Coast Guard Seeks Public Input on Proposed Shipping Safety Fairways

(This article was updated March 25 with info on a new public comment deadline and public meeting date.)

The U.S. Coast Guard is seeking public comment through May 17 on a proposal to establish a network of shipping safety fairways along the East Coast. The proposed rule would codify 18 fairways between the Rhode Island and Florida coasts, one anchorage outside of the Delaware Bay approaches, and other associated routing measures.

Map of proposed shipping safety fairways in the Mid-Atlantic

The fairways can be viewed on the Proposed Shipping Safety Fairways Along the Atlantic Coast 01/2024 map layer, which can be found by clicking on the “USCG Proposed Areas and Studies” dropdown in the Maritime theme. Members of the public can view the Federal Register notice for full background on the proposal and instructions for submitting comments.

On March 25, the Coast Guard posted an additional Federal Register notice announcing its original April deadline for public comment had been extended to May 17, 2024. The notice also announced that a meeting would be held to gather further input from the public on April 17 at 6 p.m. at Stockton University. The address for the meeting is 101 Vera King Farris Drive, Galloway, New Jersey, in the L-Wing Building, Classroom 112.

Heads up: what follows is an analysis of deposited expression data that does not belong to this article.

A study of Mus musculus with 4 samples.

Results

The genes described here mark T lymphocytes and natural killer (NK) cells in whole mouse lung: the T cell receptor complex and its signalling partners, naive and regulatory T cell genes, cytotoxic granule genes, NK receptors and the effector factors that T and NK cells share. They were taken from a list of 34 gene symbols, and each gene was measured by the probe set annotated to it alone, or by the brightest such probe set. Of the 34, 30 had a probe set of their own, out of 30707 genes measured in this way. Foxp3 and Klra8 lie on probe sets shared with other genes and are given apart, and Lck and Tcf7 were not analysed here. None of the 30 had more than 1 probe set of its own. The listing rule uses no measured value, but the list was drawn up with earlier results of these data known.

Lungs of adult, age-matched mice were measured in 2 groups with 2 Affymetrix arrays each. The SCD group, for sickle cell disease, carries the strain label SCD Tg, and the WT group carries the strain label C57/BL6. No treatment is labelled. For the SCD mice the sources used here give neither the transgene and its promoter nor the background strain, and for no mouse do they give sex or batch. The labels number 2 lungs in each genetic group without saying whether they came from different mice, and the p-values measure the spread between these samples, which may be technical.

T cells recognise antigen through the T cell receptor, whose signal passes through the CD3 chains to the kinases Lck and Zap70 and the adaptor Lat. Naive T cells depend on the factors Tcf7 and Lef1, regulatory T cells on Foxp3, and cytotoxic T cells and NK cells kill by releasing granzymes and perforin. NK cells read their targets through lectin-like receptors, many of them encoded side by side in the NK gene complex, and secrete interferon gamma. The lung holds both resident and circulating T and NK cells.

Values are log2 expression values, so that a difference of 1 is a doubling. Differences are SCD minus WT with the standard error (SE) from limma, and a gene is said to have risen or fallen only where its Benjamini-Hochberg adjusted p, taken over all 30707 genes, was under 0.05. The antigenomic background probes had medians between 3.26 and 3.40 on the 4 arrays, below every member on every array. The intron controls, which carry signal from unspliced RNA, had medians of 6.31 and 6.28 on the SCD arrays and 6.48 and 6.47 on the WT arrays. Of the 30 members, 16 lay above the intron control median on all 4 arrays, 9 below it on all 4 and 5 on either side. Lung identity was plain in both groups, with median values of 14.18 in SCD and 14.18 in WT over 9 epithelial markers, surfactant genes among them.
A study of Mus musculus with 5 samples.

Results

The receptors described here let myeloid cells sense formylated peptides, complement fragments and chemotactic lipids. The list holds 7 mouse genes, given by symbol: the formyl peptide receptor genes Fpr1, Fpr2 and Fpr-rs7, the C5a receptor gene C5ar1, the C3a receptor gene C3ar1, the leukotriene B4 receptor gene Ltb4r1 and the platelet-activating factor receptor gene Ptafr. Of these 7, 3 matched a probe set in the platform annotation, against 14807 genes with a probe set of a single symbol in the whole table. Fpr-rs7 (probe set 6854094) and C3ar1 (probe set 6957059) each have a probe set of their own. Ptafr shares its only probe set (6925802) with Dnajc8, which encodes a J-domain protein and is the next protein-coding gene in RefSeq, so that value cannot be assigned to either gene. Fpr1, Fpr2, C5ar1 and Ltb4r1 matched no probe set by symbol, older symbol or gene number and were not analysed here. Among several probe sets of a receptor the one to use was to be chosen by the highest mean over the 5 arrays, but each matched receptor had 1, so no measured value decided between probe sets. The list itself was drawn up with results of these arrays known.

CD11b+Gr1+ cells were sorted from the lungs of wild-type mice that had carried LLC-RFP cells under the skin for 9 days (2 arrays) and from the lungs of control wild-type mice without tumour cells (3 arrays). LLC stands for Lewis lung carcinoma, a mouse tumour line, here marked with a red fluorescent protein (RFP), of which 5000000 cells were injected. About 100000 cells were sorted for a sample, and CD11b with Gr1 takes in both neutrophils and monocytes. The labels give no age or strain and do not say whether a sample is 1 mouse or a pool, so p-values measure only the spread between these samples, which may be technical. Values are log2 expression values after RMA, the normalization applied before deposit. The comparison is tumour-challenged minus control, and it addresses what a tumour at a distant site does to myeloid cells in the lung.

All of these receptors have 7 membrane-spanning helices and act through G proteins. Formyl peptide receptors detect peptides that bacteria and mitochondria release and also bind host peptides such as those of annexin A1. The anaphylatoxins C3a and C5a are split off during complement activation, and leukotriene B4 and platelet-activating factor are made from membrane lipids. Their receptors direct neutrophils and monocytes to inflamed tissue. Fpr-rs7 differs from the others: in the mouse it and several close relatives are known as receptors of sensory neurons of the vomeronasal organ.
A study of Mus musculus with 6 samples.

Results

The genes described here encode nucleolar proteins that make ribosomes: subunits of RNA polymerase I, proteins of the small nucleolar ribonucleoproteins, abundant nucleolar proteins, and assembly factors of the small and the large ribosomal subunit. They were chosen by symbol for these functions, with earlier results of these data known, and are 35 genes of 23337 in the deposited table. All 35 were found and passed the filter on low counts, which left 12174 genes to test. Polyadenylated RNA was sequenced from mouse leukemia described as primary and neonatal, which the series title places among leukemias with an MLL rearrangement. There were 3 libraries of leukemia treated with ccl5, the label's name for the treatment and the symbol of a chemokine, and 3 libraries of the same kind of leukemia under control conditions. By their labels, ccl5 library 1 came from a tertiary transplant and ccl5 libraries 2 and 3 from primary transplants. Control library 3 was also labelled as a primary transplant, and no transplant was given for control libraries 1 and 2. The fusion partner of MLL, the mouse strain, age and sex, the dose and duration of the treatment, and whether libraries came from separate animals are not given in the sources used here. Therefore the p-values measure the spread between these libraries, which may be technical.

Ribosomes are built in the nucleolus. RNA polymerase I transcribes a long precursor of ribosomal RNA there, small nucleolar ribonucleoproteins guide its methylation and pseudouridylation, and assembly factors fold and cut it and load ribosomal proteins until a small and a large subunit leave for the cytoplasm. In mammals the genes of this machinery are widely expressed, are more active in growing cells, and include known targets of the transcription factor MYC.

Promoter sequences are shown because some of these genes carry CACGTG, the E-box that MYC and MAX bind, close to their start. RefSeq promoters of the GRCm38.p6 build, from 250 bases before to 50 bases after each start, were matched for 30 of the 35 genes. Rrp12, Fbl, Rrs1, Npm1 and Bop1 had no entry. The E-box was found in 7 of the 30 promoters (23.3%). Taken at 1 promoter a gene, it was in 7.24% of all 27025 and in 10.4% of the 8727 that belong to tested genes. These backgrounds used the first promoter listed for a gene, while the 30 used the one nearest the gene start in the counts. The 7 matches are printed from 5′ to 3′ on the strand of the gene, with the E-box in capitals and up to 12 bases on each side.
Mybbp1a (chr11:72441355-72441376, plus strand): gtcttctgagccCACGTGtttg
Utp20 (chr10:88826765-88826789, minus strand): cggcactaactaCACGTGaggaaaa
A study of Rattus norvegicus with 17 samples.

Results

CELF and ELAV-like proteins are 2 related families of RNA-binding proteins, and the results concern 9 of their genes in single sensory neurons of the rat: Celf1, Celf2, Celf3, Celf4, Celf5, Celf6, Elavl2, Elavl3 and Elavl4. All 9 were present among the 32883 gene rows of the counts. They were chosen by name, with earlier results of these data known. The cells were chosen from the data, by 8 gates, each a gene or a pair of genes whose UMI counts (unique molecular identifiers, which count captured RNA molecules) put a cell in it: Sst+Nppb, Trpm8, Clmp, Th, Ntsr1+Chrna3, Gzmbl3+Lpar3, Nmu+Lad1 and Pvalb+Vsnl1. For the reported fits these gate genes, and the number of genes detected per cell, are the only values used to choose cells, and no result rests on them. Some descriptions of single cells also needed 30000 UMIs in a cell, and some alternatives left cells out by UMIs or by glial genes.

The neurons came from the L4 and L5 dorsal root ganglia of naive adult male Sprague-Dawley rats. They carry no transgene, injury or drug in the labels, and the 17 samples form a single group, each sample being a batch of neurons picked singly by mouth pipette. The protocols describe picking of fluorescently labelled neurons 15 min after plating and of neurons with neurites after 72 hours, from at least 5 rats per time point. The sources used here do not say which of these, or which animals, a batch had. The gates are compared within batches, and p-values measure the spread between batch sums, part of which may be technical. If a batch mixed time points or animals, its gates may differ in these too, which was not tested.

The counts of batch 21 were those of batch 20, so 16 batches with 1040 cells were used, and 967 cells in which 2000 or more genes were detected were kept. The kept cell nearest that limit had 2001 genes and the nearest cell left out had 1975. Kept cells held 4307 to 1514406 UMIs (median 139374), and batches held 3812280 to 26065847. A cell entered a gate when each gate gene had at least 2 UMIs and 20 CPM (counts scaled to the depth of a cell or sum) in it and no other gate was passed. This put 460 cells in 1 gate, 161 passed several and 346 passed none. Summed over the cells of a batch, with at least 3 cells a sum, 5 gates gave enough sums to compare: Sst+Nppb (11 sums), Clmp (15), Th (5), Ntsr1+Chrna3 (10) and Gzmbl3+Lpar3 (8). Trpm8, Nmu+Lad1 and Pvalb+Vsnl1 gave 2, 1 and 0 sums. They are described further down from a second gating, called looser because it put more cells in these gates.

The fairways were identified through a series of port access route studies (PARS) that were conducted beginning in 2019 on the approaches to major ports along the Atlantic Coast, as well as an Atlantic Coast Port Access Route Study (ACPARS) completed in 2017. The studies gathered a wide range of data and stakeholder input on potential conflicts with offshore wind projects, future maritime commerce trends, port infrastructure changes and many other factors to evaluate the adequacy of existing routing measures and determine whether changes were necessary to safely accommodate vessel traffic.

The purpose of fairways is to preserve the safe and reliable transit of vessels along well-established traffic patterns and routes. While vessels are not required to use them, fairways are designed to keep traditional navigation routes free from fixed structures, such as offshore wind energy installations, that could impact navigation safety and impede other shared offshore activities.

Users can click any of the fairways and other features on the map for pop-ups identifying what the areas are, their names, their total acreage, and a link to the Federal Register notice. It is recommended that Portal users also activate the Routing Measures map layer in the Maritime theme or use the Nautical Charts basemap to view connections between the PARS proposals and existing traffic lanes, fairways, separation zones and precautionary areas.